After closing out her competitive Superpipe season with a title defending performance during the 2017 Burton US Open at Vail, Colorado Chloe Kim said she was simply, “happy to start feeling normal again.”
Coming out of Thursday’s semi-final, Kim had qualified in first place for Saturday’s final. Without the help of the coveted 1080, Kim managed to place herself ahead of Maddie Mastro by just one point, while Kelly Clark qualified third, respectively.
Before the start of the final on Saturday, Clark suffered a fall while practicing a frontside 1080 that forced her to sit out of the main event. Despite qualifying with 15-foot frontside airs, Clark had been riding with the flu throughout the week, which finally caught up with her when she hit the deck during practice.
With only five women left to compete in the final, Kim watched as the first four took their runs.
The bar was set by Japan’s Sena Tomita. Competing for her first time internationally, Tomita opened her run with a commanding frontside 900 on the first wall straight into a backside 540 and back-to-back 720s. Tomita’s first run scored her a 76.62 and a temporary lead.
When it was Kim’s turn to drop in, she put her competition strategy to work. This season has proved Kim to be master of knowing when to push her riding and when to hold back.
While Jack Mitrani referred to it as a “safety run,” Kim opened up with a monster backside air, frontside 900 into a McTwist and back-to-back 720s. Everything looked effortless, and for that, she received a score of 77.12 jumping her up to the top of the leaderboard.
“I FEEL LIKE I CAN ALWAYS PUSH MYSELF A LITTLE MORE.”
As the second set of runs unfolded, Maddie Mastro—who went down on her first run—was the only rider able to better Kim’s score. Mastro’s standout trick was her second back-to-back 720. Instead of spinning flat, Mastro stomped an inverted Haakonen flip with impressive amplitude. Though her trick difficulty score was not very high, Mastro’s amplitude and overall impression were enough to earn her a 78.25 to lead.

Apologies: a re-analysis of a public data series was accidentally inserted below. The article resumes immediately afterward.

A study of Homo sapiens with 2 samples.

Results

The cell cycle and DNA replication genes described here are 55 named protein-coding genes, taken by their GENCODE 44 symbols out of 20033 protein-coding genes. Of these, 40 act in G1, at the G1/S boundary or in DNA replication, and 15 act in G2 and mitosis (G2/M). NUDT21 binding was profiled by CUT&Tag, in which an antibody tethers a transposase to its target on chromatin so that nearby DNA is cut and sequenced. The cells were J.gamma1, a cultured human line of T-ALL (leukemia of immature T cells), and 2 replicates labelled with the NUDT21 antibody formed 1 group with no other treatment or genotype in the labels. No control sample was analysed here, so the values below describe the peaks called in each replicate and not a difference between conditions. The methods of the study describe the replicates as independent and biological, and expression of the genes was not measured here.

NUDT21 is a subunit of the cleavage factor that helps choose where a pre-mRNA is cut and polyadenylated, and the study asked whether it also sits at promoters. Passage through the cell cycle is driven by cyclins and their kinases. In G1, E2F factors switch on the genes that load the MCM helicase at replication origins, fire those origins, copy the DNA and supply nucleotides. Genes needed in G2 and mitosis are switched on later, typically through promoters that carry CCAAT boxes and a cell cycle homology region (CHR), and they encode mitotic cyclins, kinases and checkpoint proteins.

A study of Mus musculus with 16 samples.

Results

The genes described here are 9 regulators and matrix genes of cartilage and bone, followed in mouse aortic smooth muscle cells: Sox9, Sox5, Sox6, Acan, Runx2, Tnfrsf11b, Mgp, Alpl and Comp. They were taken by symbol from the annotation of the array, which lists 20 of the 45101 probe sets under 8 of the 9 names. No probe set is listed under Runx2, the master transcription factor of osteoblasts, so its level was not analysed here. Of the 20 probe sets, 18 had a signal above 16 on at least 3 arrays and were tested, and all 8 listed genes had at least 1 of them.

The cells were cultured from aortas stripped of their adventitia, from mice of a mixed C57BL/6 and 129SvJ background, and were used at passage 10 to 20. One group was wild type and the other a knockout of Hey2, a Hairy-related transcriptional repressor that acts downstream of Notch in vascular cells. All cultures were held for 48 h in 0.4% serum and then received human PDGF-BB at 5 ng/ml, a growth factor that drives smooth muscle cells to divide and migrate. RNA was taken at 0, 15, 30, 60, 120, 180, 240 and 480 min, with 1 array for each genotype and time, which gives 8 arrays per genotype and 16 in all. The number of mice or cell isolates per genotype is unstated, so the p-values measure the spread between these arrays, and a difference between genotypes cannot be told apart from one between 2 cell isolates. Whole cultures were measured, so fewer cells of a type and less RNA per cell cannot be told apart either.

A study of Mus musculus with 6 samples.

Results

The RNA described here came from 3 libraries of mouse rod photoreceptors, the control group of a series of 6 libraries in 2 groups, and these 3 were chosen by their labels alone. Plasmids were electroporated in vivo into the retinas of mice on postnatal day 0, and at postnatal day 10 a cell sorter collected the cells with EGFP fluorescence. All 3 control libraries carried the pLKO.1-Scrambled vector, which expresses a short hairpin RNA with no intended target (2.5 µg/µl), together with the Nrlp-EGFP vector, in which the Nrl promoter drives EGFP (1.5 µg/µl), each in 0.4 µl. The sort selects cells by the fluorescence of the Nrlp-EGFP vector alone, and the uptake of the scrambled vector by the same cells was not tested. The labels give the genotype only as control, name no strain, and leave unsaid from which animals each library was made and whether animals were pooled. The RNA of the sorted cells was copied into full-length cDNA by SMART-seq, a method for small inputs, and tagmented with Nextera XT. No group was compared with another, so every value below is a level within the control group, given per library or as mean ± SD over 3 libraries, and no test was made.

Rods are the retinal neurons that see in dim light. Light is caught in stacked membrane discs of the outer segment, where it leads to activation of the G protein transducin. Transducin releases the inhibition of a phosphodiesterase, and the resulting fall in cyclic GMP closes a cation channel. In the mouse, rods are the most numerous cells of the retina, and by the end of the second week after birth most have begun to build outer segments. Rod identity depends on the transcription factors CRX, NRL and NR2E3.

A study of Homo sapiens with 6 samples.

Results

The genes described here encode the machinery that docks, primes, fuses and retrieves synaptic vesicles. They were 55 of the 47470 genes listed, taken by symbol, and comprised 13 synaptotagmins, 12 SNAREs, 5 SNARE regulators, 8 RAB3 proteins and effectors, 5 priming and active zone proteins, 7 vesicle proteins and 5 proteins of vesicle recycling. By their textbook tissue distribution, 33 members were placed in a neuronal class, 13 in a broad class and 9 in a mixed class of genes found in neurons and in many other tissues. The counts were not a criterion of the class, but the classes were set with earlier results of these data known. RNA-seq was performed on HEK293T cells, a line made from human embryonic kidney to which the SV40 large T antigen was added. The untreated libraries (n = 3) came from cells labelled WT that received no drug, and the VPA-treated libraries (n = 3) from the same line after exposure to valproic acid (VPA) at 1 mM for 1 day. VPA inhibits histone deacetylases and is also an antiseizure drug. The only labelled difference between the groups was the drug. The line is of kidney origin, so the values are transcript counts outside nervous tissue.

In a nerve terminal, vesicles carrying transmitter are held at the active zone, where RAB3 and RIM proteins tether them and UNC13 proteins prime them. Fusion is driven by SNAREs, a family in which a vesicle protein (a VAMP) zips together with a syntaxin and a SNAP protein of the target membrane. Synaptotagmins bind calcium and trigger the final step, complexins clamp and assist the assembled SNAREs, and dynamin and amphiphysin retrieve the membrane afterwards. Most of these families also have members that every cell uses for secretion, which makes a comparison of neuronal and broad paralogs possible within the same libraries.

Kim dropped in for her second run in second place and made the strategic decision to switch it up entirely.
Still opening with a huge backside air, Kim replaced the frontside 900 with a tail grab 1080 before spinning a Cab stalefish 720 and frontside 540 to now leave the McTwist to finish.
Kim raised the bar on every judging criteria—amplitude, execution, difficulty, overall impression—and was awarded a much higher score of 86.87 for her efforts.
Elena Hight was the next rider to challenge for the lead. With dialed back-to-back 720s and 900s as well as an alley-oop backside rodeo, Hight pushed herself into second place with a score of 80.12 on her third and final run.
Mastro was the last rider left to upset Kim.
After improving the opening of her run with a giant frontside 900, Mastro clipped the deck while trying the Haakon flip.
As the only woman to land a 1080 that day, Kim took a victory lap for her final run and still managed to improve her score. After another backside air, tail grab 1080 and a Cab stalefish 720, she replaced the frontside 540 with a 900 to lead into the McTwist on the final wall.
“I feel like I can always push myself a little more,” said Kim, after her final scored came in at an improved 87.12. “I’m just so hyped to be riding like myself again, it has been a little rough these past few weeks.”
Admittedly happy to be finished with a crazy season full of international travel, Kim chalked up her repeat win, and “feeling normal again,” to the good weather, the down time she had just spent at home with her puppy and to feeling good on her board.
The only thing she left out of her winning recipe was her developing competition strategy. But that was probably intentional.